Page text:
If I see one more legislator or Cable TV Talking Head wave around the foot and a half thick, flopping pile of paper which is this Stimulus Bill, I will throw my own copy through the TV screen. The creative ones flop it on the desk in front of the them, the less creative just wave it around in front of their face and exclaim on its heft. Legendary Mel Belli supposedly made his reputation as a trial lawyer years ago in a case where a man lost both a race and his leg, with a San Francisco Cable car. For the whole trial, Belli kept on the counsel table before him, his client and, most importantly, the jury, a long, butcher-paper wrapped item which looked like it might have a few bloodstains and, oh yes, a severed leg inside.
He never actually opened the package, however, and the jury, of course, showered Belli and his client with money, and we are all left to wonder what he had in the package – his laundry, perhaps? We wonder too what is really inside the Stimulus Bill as, clearly, nary a legislator actually read it before voting “Aye” or “Nay,” in the dozen hours between when it was made available and when it was voted into law, subject to President Obama’s signature; remarkable, if you think about it.
Like Belli’s client’s apocryphal cable-car-severed-leg, we have now all been over-inundated (to be perfectly redundant about it) with the heft and size of this “Massive” (as they say over and over on Fox News) Stimulus Bill. If it doesn’t stimulate something, at least we can use it to hit somebody over the head to get their attention.
Congressional Republicans, following the early scent of Obama Administration blood in the water, and finding plenty of cable TV news outlets hanging on their every word, are already campaigning hard for their 2010 mid-term elections to assure party faithful that it won’t be necessary to take their seats away in primaries next year if they do not toe the hard line, and thus, are toeing an overly hard line, in my humble opinion, which makes absolutely no sense right now in the face of a historically grim economy, growing grimmer by the day. And, in response, and because I bet he really enjoys it, Obama has gone back out on the stump, campaigning again in the heart of many of those very Republicans’ districts, giving telegenic speeches and having truly Clintonesque moments with people in various Town Hall-style audiences, just perfect for the six o’clock news and endless sound bites playing over and over all night amid even more endless infomercials, if you have insomnia.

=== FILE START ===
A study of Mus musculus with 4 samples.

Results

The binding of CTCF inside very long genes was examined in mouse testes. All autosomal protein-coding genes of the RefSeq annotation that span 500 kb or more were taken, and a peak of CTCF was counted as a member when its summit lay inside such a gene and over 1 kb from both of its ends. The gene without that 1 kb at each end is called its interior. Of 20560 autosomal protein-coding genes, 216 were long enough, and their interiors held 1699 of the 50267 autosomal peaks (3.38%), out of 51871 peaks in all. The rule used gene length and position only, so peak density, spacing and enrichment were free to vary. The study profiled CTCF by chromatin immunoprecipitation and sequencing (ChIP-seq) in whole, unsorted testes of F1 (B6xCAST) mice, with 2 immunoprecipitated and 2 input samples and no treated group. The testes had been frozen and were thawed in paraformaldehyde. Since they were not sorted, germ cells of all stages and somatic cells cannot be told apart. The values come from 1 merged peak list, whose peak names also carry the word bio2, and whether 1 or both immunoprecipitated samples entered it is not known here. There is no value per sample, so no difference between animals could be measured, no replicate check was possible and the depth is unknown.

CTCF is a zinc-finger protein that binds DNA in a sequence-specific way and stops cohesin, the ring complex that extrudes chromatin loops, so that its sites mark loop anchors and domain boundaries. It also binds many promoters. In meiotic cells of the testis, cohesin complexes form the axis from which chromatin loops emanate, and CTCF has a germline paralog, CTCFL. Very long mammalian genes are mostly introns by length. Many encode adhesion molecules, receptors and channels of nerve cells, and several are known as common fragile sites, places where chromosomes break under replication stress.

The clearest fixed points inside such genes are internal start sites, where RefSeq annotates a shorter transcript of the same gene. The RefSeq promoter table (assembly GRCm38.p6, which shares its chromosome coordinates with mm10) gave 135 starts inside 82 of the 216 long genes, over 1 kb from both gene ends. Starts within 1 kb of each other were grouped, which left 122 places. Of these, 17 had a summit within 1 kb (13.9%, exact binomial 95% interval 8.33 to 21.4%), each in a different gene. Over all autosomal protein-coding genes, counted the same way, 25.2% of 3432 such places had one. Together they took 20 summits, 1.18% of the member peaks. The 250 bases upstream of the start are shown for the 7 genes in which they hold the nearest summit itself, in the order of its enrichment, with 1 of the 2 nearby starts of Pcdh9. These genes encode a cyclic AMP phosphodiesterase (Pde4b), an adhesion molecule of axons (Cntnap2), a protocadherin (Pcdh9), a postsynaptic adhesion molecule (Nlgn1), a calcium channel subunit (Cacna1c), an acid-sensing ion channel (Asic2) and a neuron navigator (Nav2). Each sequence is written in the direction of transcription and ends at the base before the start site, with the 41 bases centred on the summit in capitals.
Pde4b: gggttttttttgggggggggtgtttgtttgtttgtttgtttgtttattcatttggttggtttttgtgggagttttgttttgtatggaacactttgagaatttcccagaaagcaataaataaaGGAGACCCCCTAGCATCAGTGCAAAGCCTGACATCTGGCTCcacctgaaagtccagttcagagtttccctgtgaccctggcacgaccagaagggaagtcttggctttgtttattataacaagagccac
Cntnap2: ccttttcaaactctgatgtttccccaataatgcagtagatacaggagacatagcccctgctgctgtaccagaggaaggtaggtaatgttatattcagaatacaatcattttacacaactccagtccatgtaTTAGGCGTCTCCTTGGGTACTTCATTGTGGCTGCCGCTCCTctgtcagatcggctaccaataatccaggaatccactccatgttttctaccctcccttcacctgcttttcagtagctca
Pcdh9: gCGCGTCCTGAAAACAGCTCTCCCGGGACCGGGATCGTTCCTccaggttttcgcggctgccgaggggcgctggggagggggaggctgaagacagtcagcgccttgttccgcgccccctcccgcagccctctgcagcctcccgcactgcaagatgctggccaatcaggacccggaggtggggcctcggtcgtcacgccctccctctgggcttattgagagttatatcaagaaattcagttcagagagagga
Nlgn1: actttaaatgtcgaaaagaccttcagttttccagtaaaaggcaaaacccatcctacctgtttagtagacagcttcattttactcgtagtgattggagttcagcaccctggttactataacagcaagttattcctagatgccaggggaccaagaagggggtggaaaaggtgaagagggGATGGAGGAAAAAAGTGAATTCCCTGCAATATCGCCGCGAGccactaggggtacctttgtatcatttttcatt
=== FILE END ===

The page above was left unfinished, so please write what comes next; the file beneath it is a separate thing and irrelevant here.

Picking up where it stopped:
Americans can handle crisis – indeed, we seem to go from crisis to crisis whether it is a bit of rain falling on Southern California (“StormWatch ’09!) or hurricanes, icy Buffalo plane crashes, and terrible muddy, wet disasters and tsunamis in far away countries where the death tolls are in the tens and hundreds of thousands. What Americans totally lack, however, is patience – the ability to wait for things to unfold and for remedies to work. No so-called Stimulus Package, whether loaded with pork, or tax cuts (which may, or may not, translate into jobs, depending on your view), or more BailOut dollars for Masters of the Universe and others who don’t deserve to be rewarded for their failures, is going to work fast enough (if, at all) for the American public’s short attention span. And, there is the rub.
Paul Krugman’s column “Failure to Rise” in the 2-12-09 NYT warns: “So far the Obama administration’s response to the economic crisis is all too reminiscent of Japan in the 1990s: a fiscal expansion large enough to avert the worst, but not enough to kick-start recovery; support for the banking system, but a reluctance to force banks to face up to their losses. . . . And I don’t know about you, but I’ve got a sick feeling in the pit of my stomach — a feeling that America just isn’t rising to the greatest economic challenge in 70 years. The best may not lack all conviction, but they seem alarmingly willing to settle for half-measures. And the worst are, as ever, full of passionate intensity, oblivious to the grotesque failure of their doctrine in practice.” Whew.
You may not agree with this recent Nobel Economics Laureate, but you have to respect the fact that he may know just a wee bit more than you or I about whether or not we really are having the most severe economic catastrophe that most of us have lived through yet.
David Brooks’ “The Worst-Case Scenario” NYT 2-12-09, makes a further contribution to my and your sleepless nights, making a grim prediction of where this is all headed over the next few years into the 20-teens, like a historian looking back: “[In 2010 and beyond] the failure to generate a recovery led to a collapse of public confidence. President Obama’s promises of 3.5 million jobs now seemed a sham and his former certainty a delusion. The political climate grew more polarized. . . . Federal deficits were 15 percent of G.D.P. and growing. The U.S. could not afford to respond to new emergencies, like hurricanes or foreign crises. Other nations sensed American overextension. Foreign debt-holders grew nervous. Interest rates rose. Congress indulged its worst instincts, erecting trade barriers, propping up doomed companies. Scholars began to talk about the American Disease, akin to the British Disease of the 1970s.”
If these dire predictions are right, we may have waited too long already. Even if we have not waited too long, it is going to take an awfully long time to see any results from this Stimulus Bill, much longer than Americans and our ever-provocative Media can wait. With the utter death and destruction of any hope of bipartisanship in this yet new Congress, as so eloquently eulogized in Patrick Dorinson’s Feb. 11 F&HD piece, it is going to feel even longer.